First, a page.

A Davis ballot measure will ask residents June 3 to pay more at the cash register to help the city reduce its $5.1 million budget deficit and supply the cash it says it needs to repair and maintain crumbling roads, aging buildings and other facilities.
Measure O would extend by four years a half-percent sales tax set to expire in 2016 and increase the levy another half percentage point. That would bring the citys sales tax rate to 8.5 percent, the highest in Yolo County.
The increase would supply about $3.6 million a year to the city. Even with the infusion, Davis officials say the city would still need to reduce spending by $1.5 million to balance its ledger.
Mayor Joe Krovoza said tens of millions of dollars in deferred road maintenance must be addressed and, with few state and federal funding options for infrastructure, the mayor and measures supporters say a sales tax increase is the best temporary solution.
If Measure O is not approved, the current 8 percent sales tax would remain in place until Dec. 31, 2016, when it would decrease to 7.5 percent.
Were trying to tread water in maintaining municipal infrastructure, in particular, roads, Krovoza said. Measure O would put money toward this, but it still wont be enough.
Measure O opponents say the red ink is City Halls own doing, the product of poor fiscal management. They say leaders have leaned too heavily on taxpayers to stop the bleeding, while not doing enough to draw the businesses that would boost sales tax revenue.
Lead among them is Jose Granda, the Davis resident and California State University, Sacramento, professor who also was a harsh critic of recent measures for parcel taxes to fund schools.
The city makes the argument that the sales tax is for roads and bike paths, but their history of performance is their own worst enemy, Granda said. They say, Our budget is in the red. Lets go to the ATM and everything will be OK. They need to stop spending money the way theyve done.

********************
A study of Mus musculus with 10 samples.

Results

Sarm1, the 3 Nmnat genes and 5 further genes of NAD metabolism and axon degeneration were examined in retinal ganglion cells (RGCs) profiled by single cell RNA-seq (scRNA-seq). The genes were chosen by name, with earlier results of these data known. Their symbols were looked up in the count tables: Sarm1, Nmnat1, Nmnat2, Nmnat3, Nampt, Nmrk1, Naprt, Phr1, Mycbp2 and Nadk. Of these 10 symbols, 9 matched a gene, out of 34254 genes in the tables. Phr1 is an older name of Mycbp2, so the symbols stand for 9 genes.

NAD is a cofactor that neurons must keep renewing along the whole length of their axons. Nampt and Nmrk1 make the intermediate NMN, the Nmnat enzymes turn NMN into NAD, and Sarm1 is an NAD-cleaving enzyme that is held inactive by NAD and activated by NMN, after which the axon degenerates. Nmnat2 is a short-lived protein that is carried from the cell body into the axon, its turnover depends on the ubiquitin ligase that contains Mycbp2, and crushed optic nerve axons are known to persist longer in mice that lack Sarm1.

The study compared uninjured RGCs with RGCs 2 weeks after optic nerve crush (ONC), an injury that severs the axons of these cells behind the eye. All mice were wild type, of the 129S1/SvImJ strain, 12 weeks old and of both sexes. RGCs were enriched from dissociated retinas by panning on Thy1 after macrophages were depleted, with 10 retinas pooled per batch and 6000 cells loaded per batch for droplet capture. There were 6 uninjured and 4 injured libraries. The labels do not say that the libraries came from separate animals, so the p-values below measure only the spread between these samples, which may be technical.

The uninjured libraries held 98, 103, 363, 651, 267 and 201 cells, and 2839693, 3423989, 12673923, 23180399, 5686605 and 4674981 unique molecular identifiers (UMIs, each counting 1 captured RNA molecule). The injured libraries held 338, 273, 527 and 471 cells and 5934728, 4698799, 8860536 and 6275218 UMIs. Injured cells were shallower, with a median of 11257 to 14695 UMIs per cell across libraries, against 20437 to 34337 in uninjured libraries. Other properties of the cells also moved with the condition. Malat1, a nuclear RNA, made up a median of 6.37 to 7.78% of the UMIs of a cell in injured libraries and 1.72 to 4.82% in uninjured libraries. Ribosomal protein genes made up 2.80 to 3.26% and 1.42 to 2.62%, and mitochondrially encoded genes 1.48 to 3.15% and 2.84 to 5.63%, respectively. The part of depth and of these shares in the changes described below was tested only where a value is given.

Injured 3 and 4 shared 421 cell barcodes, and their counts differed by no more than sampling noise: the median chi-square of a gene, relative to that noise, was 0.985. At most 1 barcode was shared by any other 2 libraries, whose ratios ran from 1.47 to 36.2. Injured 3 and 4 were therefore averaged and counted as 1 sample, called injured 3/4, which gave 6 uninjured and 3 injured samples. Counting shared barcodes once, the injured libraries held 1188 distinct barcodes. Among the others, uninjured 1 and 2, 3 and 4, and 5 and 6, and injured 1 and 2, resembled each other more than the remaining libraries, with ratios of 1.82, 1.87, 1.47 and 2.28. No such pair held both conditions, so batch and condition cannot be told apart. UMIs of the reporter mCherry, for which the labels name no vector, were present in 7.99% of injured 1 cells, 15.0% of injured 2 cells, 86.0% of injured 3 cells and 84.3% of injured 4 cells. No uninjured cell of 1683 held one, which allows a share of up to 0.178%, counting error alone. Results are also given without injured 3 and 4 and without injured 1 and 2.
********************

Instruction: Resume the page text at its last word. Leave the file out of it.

City leaders say they have made painful choices to cut costs while trying to maintain services and attract new business.
Davis has a long history of funding city priorities parks, green belts, infrastructure but we have been making major cuts to the city budget, said City Councilman Lucas Frerichs, who supports Measure O, calling it a short-term solution.
Krovoza said the city has slashed $11 million from its budget over the last six years, including a cut of more than a fifth of its workforce. Last winter, Davis City Council agreed to share fire-service management with UC Davis to cut costs. If the latest tax measure fails, as many as 50 positions in a workforce of 360 employees could be at stake, Krovoza said.
Close watchers of the City Council know weve worked tirelessly to bring business to the city, Krovoza said. They know how serious we are about economic development. It defies reality for someone to say were going to the ATM machine for money we dont need.
Granda fears another parcel tax measure is on tap for November. The council is considering putting a such a measure on the ballot but has not yet made a decision, Frerichs said.
Along with Measure O, Granda said the levies would add to the burden Davis residents already bear.
An 8.5 percent sales tax would be the highest sales tax in Yolo County. They say we need a sales tax in June and a parcel tax in November, and we said, Here we go again, Granda said. Our aim is to defeat the sales tax and gear up to fight the parcel tax in November.